President Abdulla Yameen compared the landmark ruling issued by the Supreme Court on February 1 to the attempted coup of November 3, 1988, declaring that the two incidents had taught similar lessons.
The president made the remark at a function held late Wednesday in Kalhuthukkalaa Koshi to mark the 126th anniversary of Maldives National Defence Force (MNDF). Looking back at one of the bloodiest dates in the recent history of the Maldives when two conspirators had paid a Sri Lankan militant organization, the Liberation Tigers of Tamil Eelam, to help overthrow the then Maldivian government, Yameen declared that February 1 with the Supreme Court’s verdict to free political prisoners was also a similar “attack”.
The verdict in question had been issued unanimously by the five justices of the Supreme Court. Subsequently it was alleged that some of the justices and parliamentarians had been bribed to manipulate the SC’s decisions to stage a coup, and President Yameen had declared a state of emergency on February 5. The same night, he had ordered the arrests of former President Maumoon Abdul Gayoom, and Chief Justice Abdulla Saeed and Judge Ali Hameed under accusations of bribery and attempting to overthrow the current administration.
Soon afterwards, the remaining three justices of the top court had annulled their initial verdict.
Speaking at the ceremony, President Yameen raised rhetorical questions over who would have profited most if the “attack” had succeeded, and who were most distraught when the alleged coup did not unfold according to plan.
In his speech, Yameen stated that another lesson learnt from November 3 and February 1 was that high posts and ranks did not necessarily indicate allegiance to the nation.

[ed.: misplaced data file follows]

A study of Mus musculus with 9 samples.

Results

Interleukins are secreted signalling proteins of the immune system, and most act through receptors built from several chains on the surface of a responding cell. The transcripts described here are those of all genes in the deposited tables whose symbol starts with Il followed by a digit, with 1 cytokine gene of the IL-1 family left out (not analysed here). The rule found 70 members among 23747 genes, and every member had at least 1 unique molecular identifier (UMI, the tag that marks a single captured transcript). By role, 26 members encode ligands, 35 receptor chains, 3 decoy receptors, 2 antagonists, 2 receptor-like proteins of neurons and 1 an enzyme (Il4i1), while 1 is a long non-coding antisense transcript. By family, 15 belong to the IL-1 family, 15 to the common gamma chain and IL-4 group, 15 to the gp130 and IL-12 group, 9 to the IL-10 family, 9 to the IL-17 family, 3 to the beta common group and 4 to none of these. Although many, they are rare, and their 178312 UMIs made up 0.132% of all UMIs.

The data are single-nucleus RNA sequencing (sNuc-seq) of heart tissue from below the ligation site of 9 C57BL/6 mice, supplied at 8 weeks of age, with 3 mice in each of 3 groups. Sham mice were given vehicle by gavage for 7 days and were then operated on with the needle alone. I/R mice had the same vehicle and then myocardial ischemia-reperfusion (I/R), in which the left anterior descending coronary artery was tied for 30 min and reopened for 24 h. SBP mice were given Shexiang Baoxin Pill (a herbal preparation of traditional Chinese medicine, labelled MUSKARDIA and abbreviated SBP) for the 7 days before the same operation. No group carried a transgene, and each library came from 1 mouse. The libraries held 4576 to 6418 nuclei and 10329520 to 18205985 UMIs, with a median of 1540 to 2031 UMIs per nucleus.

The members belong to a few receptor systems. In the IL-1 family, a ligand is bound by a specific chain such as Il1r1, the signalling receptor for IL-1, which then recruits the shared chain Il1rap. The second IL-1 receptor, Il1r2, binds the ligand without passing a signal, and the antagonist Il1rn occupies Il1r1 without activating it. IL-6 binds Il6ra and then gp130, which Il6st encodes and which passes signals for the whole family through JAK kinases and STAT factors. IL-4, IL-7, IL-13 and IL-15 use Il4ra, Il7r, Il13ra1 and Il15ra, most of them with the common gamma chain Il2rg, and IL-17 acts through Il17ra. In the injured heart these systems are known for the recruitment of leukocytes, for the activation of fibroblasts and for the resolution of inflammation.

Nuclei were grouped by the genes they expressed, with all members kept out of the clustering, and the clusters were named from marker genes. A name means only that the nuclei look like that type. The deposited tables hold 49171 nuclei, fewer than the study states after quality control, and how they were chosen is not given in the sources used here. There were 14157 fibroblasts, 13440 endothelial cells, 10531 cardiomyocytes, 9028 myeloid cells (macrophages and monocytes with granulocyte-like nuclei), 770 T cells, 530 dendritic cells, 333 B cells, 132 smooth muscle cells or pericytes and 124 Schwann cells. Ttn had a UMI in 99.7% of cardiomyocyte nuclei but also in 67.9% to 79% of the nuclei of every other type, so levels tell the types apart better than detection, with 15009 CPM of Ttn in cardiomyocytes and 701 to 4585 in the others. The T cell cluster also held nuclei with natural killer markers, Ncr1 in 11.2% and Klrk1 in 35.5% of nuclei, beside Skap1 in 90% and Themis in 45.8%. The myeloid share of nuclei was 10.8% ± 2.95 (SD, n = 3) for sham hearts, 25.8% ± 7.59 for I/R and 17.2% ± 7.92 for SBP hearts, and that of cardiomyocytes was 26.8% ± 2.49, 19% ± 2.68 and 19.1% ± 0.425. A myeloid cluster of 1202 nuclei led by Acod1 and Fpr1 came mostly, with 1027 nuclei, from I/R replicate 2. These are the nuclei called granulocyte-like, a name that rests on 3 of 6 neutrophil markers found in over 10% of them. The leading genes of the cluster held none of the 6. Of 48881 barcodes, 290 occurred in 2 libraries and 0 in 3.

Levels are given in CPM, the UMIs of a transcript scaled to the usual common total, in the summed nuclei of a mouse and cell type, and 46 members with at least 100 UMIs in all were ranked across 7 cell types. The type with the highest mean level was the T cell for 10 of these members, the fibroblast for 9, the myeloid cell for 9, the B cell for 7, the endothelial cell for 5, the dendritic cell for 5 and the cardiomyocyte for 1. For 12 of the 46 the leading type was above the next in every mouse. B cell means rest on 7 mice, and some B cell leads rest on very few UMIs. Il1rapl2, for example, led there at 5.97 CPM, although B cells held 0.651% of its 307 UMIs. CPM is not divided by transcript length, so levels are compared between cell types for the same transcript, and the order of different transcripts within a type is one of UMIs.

“The people who sold our country’s sovereignty and honour for one or two million dollars on February 1 were the ones that should’ve been the most trustworthy,” he said, referring to Saeed and Hameed of the top court.
Recalling the events of that night, Yameen praised the Maldivian military, recalling that when he had visited the MNDF base of Kalhuthukkalaa Foshi then, they had greeted him with unwavering fortitude.
Yameen went on to claim that the mercy of external forces come only in the name of democracy. Noting that the Maldives is one of only 13 countries that deem apostasy a criminal offence, he stated that none of the entities that claim to advocate with integrity gives consideration to that. He appeared to have been referring to the recent report released by the European Union, in which they had urged the Maldivian government to amend the Constitution to ensure that Maldivians who leave the religion of Islam do not lose their citizenship and can vote in elections.
The president reiterated that the Maldives is attempting to become a nation that could stand on its own feet without relying on other countries.